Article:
Last week, the National HIV/AIDS Initiative at the O’Neill Institute for National and Global Health Law released three new publications. I previously discussed two of these publications in a blog post. This week, I will discuss the remaining publication, Big Ideas: Achieving Sufficient Scale of PrEP Use Is Critical to Ending the HIV Epidemic.
This brief explains how policy makers need to think differently about pre-exposure prophylaxis (PrEP) with a greater emphasis on achieving sufficient scale of PrEP use among priority groups, including Black and Latinx gay and bisexual men, transgender people, Black women and other women with an indication for PrEP, people who inject drugs, and people younger than 24 years old. In this brief, my co-author Jeffrey Crowley and I note that 40-50% coverage of PrEP among priority groups may be a reasonable benchmark for public health impact. In fact, a modeling study of men who have sex with men (MSM) with an indication for PREP found that if 40% of MSM were on PrEP and 62% of those on PrEP were highly adherent, it would avert one in three expected HIV transmissions over the next decade.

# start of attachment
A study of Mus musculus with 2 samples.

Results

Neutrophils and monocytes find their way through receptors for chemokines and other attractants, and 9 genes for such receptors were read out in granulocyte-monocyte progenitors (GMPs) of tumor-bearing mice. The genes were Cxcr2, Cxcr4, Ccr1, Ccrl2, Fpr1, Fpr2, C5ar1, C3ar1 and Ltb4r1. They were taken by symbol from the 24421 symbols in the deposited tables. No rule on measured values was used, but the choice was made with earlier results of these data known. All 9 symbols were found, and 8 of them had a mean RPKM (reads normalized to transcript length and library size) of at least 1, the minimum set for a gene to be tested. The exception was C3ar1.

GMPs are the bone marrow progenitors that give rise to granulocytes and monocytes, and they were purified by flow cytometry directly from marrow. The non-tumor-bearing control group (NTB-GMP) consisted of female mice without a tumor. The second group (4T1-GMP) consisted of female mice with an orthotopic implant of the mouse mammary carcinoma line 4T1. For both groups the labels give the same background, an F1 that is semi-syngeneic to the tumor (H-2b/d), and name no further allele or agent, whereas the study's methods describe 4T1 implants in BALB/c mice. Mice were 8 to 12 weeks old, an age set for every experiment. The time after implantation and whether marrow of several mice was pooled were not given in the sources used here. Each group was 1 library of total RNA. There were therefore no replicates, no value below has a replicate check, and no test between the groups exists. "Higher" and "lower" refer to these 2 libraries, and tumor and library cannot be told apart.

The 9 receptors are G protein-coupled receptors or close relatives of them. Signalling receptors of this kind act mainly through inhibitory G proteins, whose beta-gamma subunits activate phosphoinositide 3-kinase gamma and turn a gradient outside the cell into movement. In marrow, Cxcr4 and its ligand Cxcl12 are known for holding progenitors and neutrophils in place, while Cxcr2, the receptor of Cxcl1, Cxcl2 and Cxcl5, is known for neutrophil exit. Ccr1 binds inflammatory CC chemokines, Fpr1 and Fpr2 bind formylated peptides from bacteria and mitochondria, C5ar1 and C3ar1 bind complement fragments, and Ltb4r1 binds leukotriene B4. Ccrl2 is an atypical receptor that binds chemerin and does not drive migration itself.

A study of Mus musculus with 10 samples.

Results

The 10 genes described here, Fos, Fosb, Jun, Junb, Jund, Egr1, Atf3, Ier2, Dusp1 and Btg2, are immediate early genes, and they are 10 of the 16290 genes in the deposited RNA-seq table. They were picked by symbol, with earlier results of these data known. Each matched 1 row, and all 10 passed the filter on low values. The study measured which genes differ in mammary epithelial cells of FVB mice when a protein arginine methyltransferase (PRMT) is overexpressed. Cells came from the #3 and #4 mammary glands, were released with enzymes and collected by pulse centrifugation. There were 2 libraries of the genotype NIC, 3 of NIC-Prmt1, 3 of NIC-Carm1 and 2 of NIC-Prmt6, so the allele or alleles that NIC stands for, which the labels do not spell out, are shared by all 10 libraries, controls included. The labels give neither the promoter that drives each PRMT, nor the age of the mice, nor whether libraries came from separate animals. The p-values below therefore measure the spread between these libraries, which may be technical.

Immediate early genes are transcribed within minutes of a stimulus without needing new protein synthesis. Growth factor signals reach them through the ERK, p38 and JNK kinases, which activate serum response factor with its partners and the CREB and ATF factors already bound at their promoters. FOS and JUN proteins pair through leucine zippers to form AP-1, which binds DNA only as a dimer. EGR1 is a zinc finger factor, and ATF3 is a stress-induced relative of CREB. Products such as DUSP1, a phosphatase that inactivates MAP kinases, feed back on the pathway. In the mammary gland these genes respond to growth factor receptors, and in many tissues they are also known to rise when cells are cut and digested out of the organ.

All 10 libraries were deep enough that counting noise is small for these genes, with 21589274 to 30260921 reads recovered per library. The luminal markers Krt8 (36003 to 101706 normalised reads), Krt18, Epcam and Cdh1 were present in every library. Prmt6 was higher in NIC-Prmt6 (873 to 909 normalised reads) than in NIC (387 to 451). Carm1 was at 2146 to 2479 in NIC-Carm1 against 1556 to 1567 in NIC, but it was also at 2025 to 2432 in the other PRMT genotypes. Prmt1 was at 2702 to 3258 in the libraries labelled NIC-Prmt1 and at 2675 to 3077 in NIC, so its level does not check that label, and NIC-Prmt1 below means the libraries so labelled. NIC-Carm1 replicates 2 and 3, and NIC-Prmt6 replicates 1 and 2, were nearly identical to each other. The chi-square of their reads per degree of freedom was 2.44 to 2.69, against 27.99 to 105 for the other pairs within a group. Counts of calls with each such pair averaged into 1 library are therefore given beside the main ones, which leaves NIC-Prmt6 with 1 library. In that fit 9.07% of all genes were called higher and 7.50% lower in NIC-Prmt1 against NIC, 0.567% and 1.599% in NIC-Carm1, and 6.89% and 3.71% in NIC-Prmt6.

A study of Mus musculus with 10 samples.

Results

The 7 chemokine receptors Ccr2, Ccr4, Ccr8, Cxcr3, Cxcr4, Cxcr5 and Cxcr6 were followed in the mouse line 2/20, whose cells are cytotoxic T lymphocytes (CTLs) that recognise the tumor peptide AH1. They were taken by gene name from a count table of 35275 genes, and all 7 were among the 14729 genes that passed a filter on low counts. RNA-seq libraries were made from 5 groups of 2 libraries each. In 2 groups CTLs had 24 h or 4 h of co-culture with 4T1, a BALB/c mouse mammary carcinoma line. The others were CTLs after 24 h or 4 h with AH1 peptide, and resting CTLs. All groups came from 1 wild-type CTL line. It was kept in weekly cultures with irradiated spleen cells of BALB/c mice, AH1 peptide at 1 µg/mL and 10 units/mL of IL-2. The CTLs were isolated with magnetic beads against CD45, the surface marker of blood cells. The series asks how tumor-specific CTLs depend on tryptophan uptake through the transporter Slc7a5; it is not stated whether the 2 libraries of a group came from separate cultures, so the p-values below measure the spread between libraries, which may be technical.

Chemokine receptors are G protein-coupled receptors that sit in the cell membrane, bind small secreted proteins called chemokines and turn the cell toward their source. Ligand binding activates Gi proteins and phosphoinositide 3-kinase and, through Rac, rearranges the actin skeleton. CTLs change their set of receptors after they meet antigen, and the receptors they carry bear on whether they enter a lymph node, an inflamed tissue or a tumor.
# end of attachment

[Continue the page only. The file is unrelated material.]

A greater focus on increasing the scale of PrEP use is needed to achieve population-level impact. The brief outlines four principles that can chart a path toward greater scale of PrEP use:
Expanded use of PrEP is rightfully a central pillar of the Ending the HIV Epidemic (EHE) Initiative in the United States. PrEP programs need to be able to effectively serve a larger volume of clients and need service models that make it easier for users and providers to maintain PrEP engagement. There is no time to waste.